Some Owners Vow to Fight Redevelopment of Shopping Center in Southeast

By Debbi Wilgoren
Washington Post Staff Writer
Sunday, April 10, 2005; Page C06

The District's publicly chartered development corporation has signed its first deal to buy land at Skyland Shopping Center, a run-down strip mall in Southeast Washington that the city wants to replace with a larger complex anchored by a Target store.

The National Capital Revitalization Corp. agreed to pay $2.39 million for a two-acre parcel that houses a postal sorting facility. The land is owned by an affiliate of the Anacostia Economic Development Corp., which bought it for $1.1 million in 2001 but did not develop it.


Skyland Shopping Center, at Good Hope and Naylor roads SE, has been targeted for redevelopment for years. One difficulty is that its parcels have 16 owners. (Rich Lipski -- The Washington Post)

City officials have talked for years about buying the 18.5-acre site at the confluence of Alabama Avenue and Good Hope and Naylor roads SE and creating a suburban-style complex that would include national retailers and at least one sit-down restaurant.

Residents of the leafy Hillcrest, Fairlawn and Penn Branch neighborhoods, all nearby, say they desperately need such amenities, which are rare in the District east of the Anacostia River. But past redevelopment efforts have foundered, in part because of the difficulty in assembling parcels controlled by 16 owners.

"This is the first concrete step towards revitalization," NCRC spokeswoman Peggy Armstrong said. "Until now, we've just been getting ready."

Several of the landowners and merchants have said they do not want to sell or move shops they have operated through some of the city's bleakest years. Some have filed lawsuits, or threatened to, to stop the city from seizing property by eminent domain if purchase efforts fail.

But NCRC officials, under pressure from Mayor Anthony A. Williams (D) and several D.C. Council members, have pledged to make the project happen.

"The residents of east Washington deserve this kind of shopping experience," said Anthony Freeman, chief executive of NCRC, which was created five years ago and charged from the beginning with tackling the Skyland project.

D.C. Council member Vincent C. Gray (D-Ward 7) applauded Friday's purchase agreement but pointed out that the owner of the parcel -- unlike some others at Skyland -- had never opposed selling.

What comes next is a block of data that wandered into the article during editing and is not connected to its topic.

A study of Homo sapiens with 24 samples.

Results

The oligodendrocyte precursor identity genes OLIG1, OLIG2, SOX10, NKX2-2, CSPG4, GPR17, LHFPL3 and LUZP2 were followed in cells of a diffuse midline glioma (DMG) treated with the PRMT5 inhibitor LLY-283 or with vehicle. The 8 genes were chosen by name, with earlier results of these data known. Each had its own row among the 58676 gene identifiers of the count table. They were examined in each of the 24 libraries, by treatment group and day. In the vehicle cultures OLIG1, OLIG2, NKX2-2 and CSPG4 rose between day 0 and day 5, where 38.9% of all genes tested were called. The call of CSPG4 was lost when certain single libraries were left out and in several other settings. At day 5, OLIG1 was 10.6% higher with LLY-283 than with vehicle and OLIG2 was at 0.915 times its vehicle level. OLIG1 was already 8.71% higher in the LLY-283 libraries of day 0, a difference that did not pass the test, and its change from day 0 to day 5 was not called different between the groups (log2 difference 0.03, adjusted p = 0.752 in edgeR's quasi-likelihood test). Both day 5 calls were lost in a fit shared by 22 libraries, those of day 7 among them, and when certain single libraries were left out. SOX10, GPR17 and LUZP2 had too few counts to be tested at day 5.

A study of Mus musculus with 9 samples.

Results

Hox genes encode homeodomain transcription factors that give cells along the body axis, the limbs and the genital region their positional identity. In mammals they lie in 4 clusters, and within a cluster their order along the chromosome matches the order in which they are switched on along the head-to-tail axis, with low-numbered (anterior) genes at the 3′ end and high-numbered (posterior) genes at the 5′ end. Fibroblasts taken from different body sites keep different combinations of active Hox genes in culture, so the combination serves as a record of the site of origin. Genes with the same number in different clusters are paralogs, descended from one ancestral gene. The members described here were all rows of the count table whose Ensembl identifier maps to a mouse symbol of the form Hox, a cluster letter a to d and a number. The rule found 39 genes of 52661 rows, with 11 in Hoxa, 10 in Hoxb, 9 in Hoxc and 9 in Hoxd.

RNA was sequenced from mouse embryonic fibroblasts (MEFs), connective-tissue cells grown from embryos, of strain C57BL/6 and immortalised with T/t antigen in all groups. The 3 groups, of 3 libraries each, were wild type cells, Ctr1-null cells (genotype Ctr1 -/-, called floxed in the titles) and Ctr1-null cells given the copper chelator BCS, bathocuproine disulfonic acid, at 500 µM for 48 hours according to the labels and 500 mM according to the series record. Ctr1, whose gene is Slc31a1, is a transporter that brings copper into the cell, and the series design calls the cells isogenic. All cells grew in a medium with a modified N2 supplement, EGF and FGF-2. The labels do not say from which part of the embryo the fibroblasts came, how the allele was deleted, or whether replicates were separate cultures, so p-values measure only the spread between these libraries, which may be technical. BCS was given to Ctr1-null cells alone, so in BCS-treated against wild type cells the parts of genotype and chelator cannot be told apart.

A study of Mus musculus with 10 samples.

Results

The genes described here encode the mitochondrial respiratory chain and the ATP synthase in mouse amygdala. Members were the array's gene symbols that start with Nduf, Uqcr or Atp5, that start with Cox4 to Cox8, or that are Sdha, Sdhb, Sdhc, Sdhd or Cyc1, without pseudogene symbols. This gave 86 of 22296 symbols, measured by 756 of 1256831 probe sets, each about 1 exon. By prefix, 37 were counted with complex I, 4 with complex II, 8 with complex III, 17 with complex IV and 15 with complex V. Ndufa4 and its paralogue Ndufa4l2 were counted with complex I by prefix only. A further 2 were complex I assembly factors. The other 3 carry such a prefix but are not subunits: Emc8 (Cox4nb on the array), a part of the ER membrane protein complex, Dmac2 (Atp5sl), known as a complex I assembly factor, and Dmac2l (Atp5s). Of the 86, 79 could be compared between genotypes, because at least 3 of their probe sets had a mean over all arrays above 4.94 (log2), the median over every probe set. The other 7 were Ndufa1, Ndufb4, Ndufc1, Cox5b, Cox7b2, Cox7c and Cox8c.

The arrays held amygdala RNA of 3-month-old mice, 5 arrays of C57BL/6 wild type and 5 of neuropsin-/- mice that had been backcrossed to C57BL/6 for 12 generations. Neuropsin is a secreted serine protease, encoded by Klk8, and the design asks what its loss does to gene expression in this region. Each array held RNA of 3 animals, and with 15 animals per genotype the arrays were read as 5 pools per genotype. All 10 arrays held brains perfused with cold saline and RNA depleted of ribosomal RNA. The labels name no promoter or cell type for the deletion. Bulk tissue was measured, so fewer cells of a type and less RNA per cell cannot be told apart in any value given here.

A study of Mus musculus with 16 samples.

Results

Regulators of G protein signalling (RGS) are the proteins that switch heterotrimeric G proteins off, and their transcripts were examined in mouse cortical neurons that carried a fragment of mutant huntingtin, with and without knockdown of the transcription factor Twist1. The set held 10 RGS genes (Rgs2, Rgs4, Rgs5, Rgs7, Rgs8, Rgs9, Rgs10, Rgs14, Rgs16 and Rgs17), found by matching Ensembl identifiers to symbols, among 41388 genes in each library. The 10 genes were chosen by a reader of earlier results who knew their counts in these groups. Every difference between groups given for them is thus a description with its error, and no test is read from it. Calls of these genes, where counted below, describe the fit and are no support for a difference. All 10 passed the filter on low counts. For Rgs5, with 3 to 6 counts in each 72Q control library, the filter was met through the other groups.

"It's not going to be as easy with some of the other landowners," said Gray, an advocate of the project. "But it's an important step. Psychologically, it sends a signal to people that things are moving."

NCRC has chosen developer Gary Rappaport to build the shopping center. Rappaport, who has developed retail complexes throughout the region, said he has a commitment from Target to locate there but cannot negotiate a lease until NCRC controls the land.

NCRC recently increased the projected cost of buying the properties, relocating businesses and doing environmental cleanup to $48.8 million, up from a 2003 estimate of $33 million. Freeman, who took over the organization last summer, said the lower number was overly optimistic.

The corporation has budgeted $35.5 million for those pre-development costs, mostly from the sale of land it owned near Union Station. Freeman said the corporation will try to trim some costs and is continuing to explore additional financing options, including seeking District or federal subsidies and additional investment in the project from Rappaport.

He said the shopping center will be a financial success if it captures a quarter of the $404 million that residents of the District's eastern sectors are believed to spend in the suburbs.

All 16 property owners received purchase offers from NCRC in February. Armstrong said the corporation is close to a deal with a second major Skyland landholder and hopes to have agreements in place by November to take control of the entire site.

But Elaine Mittleman, an attorney for several property and business owners who filed a lawsuit in July to try to stop the redevelopment, said her clients "just simply don't want to sell."

"They want to stay in business," she said.

The sales contract for the postal site is contingent on environmental and federal reviews and must be approved by the NCRC board. It is supposed to close within 60 days.